With the updates to Part L of the Building Regulations expected soon, which are set to boost the efficiency of gas systems, and with over 83% of the UK population relying on gas boilers to heat their homes, there’s no better time for installers to start encouraging homeowners to think about how they can improve their heating systems.
One of the most significant changes due to be introduced by the updates is to help prepare homes for lower flow temperature technologies, by adjusting how a new or full system replacement must be commissioned. Under the new updates, any new or full system replacement gas combi boiler must operate at a maximum flow temperature of 55°C, which is much lower compared to the current maximum of 80°C.
While this helps to improve efficiency and reduce carbon emissions, it also prepares homes for the move to renewable heat sources, such as heat pumps, which operate at lower flow temperatures of between 35 and 45°C.
With recent research undertaken by the Heating and Hotwater Council (HHIC) finding that households can save up to 8% on their gas bills just by lowering the flow temperature, this is a simple change that installers can make that will not only instantly start saving money for the homeowner, but will also work towards increasing the efficiency of a gas heating system.
The type of heating control that is installed with a gas boiler can also make a huge difference when it comes to efficiency. In 2018, Boiler Plus set out the requirement for time and temperature controls to be fitted with any combi boiler installation, as well as the need to feature one of four additional measures: load compensation, weather compensation, a smart control, or a flue gas recovery unit.
There is also the expectation that this summer it will be expanded to include conventional boiler installations, meaning that every gas boiler will require adequate heating controls to be installed too. With this in mind, heating engineers will need to carefully consider which of the additional measures will be the best fit for their customer and how to achieve these.
This is where smart controls have a real role to play, for the homeowner as well as the installer. For example, many smart controls on the market today offer load and weather compensation tools – such as Wiser’s Eco Mode. This combines weather compensation and optimum stop to adapt heating schedules according to changing weather conditions. This means that installers can easily meet not just one of the additional measures, but multiple measures mandated by Boiler Plus to offer enhanced efficiency improvements.
Another key selling feature of a smart heating control is the ability to be able to manage the heating remotely. Many homeowners don’t have regular schedules, so smart controls that offer a fully personalised heating system that can be changed from anywhere via an app on their phone is a large draw to many different types of customer – from commuters through to busy families and multi-generational homes.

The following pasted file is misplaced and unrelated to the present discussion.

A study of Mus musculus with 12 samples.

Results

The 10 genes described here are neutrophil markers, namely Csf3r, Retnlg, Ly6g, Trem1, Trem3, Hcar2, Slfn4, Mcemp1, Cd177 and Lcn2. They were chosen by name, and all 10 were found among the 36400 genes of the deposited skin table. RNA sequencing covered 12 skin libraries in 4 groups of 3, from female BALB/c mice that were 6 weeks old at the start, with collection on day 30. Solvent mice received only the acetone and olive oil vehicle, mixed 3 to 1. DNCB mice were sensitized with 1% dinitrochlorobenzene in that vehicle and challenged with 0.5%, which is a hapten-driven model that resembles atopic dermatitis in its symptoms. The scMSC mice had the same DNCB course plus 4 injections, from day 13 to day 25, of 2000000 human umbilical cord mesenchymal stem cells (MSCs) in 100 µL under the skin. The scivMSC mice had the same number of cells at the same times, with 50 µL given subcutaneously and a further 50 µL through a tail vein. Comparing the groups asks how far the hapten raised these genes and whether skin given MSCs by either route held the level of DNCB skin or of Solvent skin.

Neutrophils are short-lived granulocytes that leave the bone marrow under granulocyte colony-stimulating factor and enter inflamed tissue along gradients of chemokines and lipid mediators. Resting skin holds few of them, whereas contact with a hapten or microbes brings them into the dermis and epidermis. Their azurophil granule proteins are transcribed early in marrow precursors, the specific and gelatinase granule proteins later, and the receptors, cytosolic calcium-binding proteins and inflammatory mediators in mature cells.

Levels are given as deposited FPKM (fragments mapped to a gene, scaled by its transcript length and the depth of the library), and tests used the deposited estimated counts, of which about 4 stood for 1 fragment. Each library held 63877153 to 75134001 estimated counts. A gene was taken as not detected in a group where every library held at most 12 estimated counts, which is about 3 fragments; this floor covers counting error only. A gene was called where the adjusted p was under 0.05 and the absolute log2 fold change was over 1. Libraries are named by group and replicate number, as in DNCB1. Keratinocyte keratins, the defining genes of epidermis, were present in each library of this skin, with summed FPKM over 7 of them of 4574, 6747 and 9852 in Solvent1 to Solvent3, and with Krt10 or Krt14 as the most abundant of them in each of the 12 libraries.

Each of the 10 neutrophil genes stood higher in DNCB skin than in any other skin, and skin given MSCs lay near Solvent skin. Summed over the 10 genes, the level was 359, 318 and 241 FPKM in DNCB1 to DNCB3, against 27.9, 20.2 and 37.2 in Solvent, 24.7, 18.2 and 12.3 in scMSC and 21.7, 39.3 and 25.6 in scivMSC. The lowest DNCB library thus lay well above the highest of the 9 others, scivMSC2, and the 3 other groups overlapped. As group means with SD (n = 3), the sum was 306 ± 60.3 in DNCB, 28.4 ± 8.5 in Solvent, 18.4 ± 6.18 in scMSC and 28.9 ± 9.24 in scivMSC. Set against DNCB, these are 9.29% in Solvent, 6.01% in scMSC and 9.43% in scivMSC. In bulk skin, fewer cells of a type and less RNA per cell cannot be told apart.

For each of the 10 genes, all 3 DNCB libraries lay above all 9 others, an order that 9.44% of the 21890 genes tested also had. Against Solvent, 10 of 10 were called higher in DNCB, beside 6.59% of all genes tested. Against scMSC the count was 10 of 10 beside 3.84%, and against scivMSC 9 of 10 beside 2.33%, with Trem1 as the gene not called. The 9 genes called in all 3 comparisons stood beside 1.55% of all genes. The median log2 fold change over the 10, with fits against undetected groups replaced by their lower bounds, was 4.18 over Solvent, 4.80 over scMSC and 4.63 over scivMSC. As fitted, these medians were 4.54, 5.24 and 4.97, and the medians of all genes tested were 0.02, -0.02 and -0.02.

Whilst having to alter settings on a more traditional programmable thermostat can be an inconvenience that homeowners would rather not worry about, having a smart control makes it easier than ever to adjust heating schedules and ensure energy isn’t wasted by heating an empty house. Research shows that by upgrading to a smart programmable thermostat, such as Wiser, homeowners can save 18% on their energy costs.
Over the past few years, thanks to the advent of increased home working, homeowners have also become more conscious about the ways in which they heat their homes, especially when it comes to heating empty rooms, which is where multi-zoning comes in. Previously, heating engineers would have used a low loss header system to create different zones. However smart heating controls and smart radiator thermostats have made this easier than ever to achieve.
Some smart heating controls, such as Wiser, can also feature smart radiator thermostats, helping to achieve room-to-room control. This type of heating control means that homeowners can control the time and temperature schedules for each individual room rather than the house as a whole, saving energy by not heating empty rooms. Recent research carried out by BEAMA and BRE show that people can reduce their energy usage by 19% by preventing unnecessary overheating in rooms.
As many homeowners are now struggling with the increase in energy costs, being able to see where energy is being used is a huge bonus. Another feature that many smart controls offer is a display of energy consumption in real time, allowing homeowners to see exactly how much energy is being used, enabling them to make changes if required. This can prove to be a useful tool, as turning the heating down by 1°C can reduce a homeowner’s annual energy bill by £80 and reduce carbon dioxide emissions by 320kg. Wiser offers this type of overview in Insights, which can be enhanced by integrating data from a smart heating system with the Wiser Home app to access Insights+, where homeowners can see their energy savings in monetary values.
In a time where a large focus is placed on not only helping to reduce homeowner’s energy costs, but also striving to reach our carbon neutral targets, these energy saving features can go a long way in helping the boiler to work smarter, resulting in reduced emissions and lower energy bills. By being clued up on the latest smart heating controls and the features they offer, installers can play a crucial role in helping homeowners across the country make their energy bills more manageable today.